In a previous article we discussed the four common stretching techniques, and their respective merits for strength, flexibility, endurance, sports performance, injury risks and doms. The four classical types of stretching include static, dynamic, ballistic and PNF. Static stretching is by far the most popular and common form of stretching that has traditionally been a part of the pre-exercise and competition warm-up regime1. But these conventional stretching practices are being heavily scrutinised, with recent scientific reviews concluding that it is unlikely that pre-exercise static stretching prevents injury2. Equipped with this information, scientists have been exploring new stretching/warm-up techniques. One technique to emerge with some promise is called antagonistic stretching.

Theory Behind Antagonist Stretching

The premise of antagonist stretching rests on the prevailing scientific notion that static stretching results in reduced force production of the given muscle via reduced neural activation, which in turn has a negative impact on strength and power3-9. Also key to antagonist stretching is the premise that the actual force produced during any given movement is proportional to the force produced by the agonist and inversely proportional to the force produced by the antagonist muscles10, 11. It follows that gains in strength/power may be accompanied by an increase in neural activity of the agonist and neurological inhibition of the antagonist.

Study on Antagonist Stretching

With this reasoning in mind, scientists recently conducted a study to test the theory that stretching the antagonist muscle before a given movement/exercise may result in its inhibition and reciprocally facilitate increased activity of the agonist - leading to improvements in measures of strength and power.

To test whether antagonistic stretching can improve strength and power, scientist measured changes in vertical jump capacity and isokinetic knee extensor strength. Antagonist stretching for vertical jump capacity was performed on the hamstring group using the method shown below.

For the vertical jump, antagonistic stretching was performed on the hip flexors and dorsiflexors, using the technique shown below.

Each stretch was held for 30 seconds and repeated 3 times with 20-second rest between the stretches. A 90-second rest period was provided between antagonistic stretching and the knee extension and vertical jump tests.

Effect of Antagonist Stretching Versus No Stretching on Strength

Compared with no prior stretching, antagonist stretching of the hamstring group lead to greater torque production when knee extension was performed at high speed12. Likewise, stretching of the hip flexors and dorsiflexors, the antagonists of the hip extensors and plantarflexors respectively, resulted in a significant increase in vertical jump height and power compared with no prior stretching12.


While this is the only study of its kind to-date to report such findings, the findings are nonetheless encouraging12. For those interested in applying the findings of this study to your training regime; simply stretch the opposing muscle group for the given exercise you plan to perform. For instance, if one is doing a bench-press exercise, simply stretch your rear deltoids, lats and traps prior to the exercise.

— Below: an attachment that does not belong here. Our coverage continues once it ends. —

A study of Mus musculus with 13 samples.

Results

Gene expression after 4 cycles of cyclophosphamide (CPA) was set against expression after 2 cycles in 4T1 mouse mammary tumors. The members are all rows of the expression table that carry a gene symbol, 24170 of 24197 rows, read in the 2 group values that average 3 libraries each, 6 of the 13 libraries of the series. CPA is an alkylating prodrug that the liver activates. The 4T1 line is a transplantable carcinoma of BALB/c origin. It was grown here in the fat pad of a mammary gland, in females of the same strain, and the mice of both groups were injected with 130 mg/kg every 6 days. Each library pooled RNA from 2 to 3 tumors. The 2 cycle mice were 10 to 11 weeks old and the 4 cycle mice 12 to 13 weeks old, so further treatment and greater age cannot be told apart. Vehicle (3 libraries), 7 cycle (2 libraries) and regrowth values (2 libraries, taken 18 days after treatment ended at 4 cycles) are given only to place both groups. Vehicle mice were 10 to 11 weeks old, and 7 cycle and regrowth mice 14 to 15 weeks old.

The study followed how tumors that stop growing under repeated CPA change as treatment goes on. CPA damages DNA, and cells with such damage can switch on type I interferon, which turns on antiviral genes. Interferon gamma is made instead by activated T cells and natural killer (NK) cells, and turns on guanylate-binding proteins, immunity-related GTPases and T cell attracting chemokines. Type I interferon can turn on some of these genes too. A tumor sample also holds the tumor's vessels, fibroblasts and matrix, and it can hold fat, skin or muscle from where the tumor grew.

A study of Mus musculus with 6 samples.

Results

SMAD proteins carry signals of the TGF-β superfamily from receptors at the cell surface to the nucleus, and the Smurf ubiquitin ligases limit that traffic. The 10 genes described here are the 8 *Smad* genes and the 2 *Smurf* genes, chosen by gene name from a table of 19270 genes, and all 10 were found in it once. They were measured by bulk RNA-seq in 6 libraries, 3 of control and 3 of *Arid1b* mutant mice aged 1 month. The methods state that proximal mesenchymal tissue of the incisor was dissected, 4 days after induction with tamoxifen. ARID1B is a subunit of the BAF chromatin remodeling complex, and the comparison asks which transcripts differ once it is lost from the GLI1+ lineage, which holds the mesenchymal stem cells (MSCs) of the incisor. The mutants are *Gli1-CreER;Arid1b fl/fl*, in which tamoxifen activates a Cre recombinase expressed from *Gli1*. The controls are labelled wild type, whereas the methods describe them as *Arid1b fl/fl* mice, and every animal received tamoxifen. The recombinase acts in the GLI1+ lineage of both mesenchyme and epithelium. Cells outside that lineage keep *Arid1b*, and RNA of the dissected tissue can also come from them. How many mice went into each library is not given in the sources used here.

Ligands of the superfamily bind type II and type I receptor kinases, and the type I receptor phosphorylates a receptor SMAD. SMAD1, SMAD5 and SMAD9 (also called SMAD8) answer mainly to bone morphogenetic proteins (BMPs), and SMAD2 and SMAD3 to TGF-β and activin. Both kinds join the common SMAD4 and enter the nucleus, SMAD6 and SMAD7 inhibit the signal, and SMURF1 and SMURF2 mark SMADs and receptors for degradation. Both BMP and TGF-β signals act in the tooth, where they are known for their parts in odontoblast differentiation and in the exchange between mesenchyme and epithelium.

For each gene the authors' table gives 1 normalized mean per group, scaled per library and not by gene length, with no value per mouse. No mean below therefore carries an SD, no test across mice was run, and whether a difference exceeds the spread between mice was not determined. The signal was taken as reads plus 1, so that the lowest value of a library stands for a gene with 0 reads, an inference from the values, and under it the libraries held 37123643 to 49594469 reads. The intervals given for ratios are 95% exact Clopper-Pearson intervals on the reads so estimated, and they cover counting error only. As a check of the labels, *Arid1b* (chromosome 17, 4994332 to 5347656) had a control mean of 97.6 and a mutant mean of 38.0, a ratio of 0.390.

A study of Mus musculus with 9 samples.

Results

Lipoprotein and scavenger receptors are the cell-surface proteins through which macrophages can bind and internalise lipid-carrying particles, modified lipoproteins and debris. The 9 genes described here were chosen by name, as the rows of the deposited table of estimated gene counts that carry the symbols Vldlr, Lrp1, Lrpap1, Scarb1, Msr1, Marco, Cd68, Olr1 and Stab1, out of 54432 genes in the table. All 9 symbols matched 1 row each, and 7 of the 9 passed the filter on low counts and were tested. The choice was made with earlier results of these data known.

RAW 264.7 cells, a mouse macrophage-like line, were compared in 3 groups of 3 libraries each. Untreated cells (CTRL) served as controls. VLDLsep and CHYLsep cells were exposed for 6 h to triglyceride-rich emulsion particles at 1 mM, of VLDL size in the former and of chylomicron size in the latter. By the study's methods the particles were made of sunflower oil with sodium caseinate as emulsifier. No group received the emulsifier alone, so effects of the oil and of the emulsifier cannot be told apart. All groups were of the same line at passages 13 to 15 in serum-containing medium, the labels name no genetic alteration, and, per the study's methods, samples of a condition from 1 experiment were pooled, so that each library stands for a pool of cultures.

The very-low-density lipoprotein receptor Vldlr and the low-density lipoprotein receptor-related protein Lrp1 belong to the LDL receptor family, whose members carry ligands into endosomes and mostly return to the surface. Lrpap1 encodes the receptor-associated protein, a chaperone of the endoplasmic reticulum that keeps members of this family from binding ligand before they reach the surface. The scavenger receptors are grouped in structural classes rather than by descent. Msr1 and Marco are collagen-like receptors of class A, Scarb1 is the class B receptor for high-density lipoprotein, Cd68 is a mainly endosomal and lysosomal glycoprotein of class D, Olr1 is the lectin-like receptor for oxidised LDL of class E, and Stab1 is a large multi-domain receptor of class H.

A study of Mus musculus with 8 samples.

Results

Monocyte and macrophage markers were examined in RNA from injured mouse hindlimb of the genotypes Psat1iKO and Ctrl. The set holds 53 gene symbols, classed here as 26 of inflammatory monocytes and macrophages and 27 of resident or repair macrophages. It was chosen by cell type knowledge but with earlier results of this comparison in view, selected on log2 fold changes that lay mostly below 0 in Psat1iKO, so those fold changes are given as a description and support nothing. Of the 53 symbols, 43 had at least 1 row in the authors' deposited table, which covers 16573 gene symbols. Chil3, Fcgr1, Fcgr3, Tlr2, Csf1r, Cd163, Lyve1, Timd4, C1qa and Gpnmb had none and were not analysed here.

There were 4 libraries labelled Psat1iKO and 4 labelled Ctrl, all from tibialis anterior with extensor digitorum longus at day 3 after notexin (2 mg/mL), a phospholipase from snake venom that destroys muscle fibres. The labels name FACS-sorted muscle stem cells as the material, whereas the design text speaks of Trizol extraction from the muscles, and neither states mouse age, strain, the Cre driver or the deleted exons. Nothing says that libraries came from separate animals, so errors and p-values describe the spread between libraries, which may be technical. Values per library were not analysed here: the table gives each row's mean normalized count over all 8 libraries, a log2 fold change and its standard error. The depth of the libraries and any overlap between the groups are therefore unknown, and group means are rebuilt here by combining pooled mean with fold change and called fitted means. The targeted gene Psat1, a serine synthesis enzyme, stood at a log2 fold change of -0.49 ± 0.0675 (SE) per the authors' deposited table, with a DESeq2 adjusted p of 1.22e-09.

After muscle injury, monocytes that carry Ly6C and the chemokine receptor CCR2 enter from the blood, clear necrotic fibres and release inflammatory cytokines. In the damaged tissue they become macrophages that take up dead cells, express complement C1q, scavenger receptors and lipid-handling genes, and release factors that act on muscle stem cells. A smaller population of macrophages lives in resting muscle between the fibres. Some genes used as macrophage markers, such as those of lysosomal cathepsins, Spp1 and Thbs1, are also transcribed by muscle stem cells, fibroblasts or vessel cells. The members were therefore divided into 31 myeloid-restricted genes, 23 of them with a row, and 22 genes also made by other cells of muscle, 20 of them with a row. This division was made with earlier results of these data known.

1. Bandy WD, et al. The effect of time and frequency of static stretching on flexibility of the hamstrings muscles. Phys Ther. 1997;77:1090–1096.
2. Shrier I. Stretching before exercise does not reduce the risk of injury: A critical review of the clinical and basic scientific literature. Clin J Sports Med. 1999;9:221–227.
3. Church BJ, et al. Effect of warm-up and flexibility treatments on vertical jump performance. J Strength Cond Res. 2001;15:332–336.
4. Cornwell A, et al. Acute effects of stretching on the neuromechanical properties of the triceps surae muscle complex. Eur J Appl Physiol. 2002;86:428–434.
5. Fowles JR, et al. Reduced strength after passive stretch of the human plantarflexors. J Appl Physiol. 2000;89:1179–1188.
6. Kokkonen J, et al. Acute muscle stretching inhibits maximal strength performance. Res Q Exerc Sport. 1998;69:411–415.
7. Nelson AG, et al. Acute ballistic muscle stretching inhibits maximal strength performance. Res Q Exerc Sport. 2001;72:415–419.
8. Power K, et al. An acute bout of static stretching: effects on force and jumping performance. Med Sci Sports Exerc. 2004;36:1389–1396.
9. Young W & Elliot S. Acute effects of static stretching, proprioceptive neuromuscular facilitation stretching, and maximum voluntary contractions on explosive force production and jumping performance. Res Q Exerc Sport. 2001;72:273–279.
10. Baratta R, et al. Muscular co-contraction. The role of antagonist musculature in maintaining knee stability. Am J Sports Med. 1988;16:113–122.
11. Draganich LF, et al. Coactivation of the hamstrings and the quadriceps during extension of the knee. J Bone Joint Surg. 1989;71:1078–1081.
12. Sandberg JB, et al. Acute Effects of antagonist stretching on jump height, torque and electromyography of agonist musculature. The Journal of Strength and Conditioning Research. 2012;26(5):1249-1256.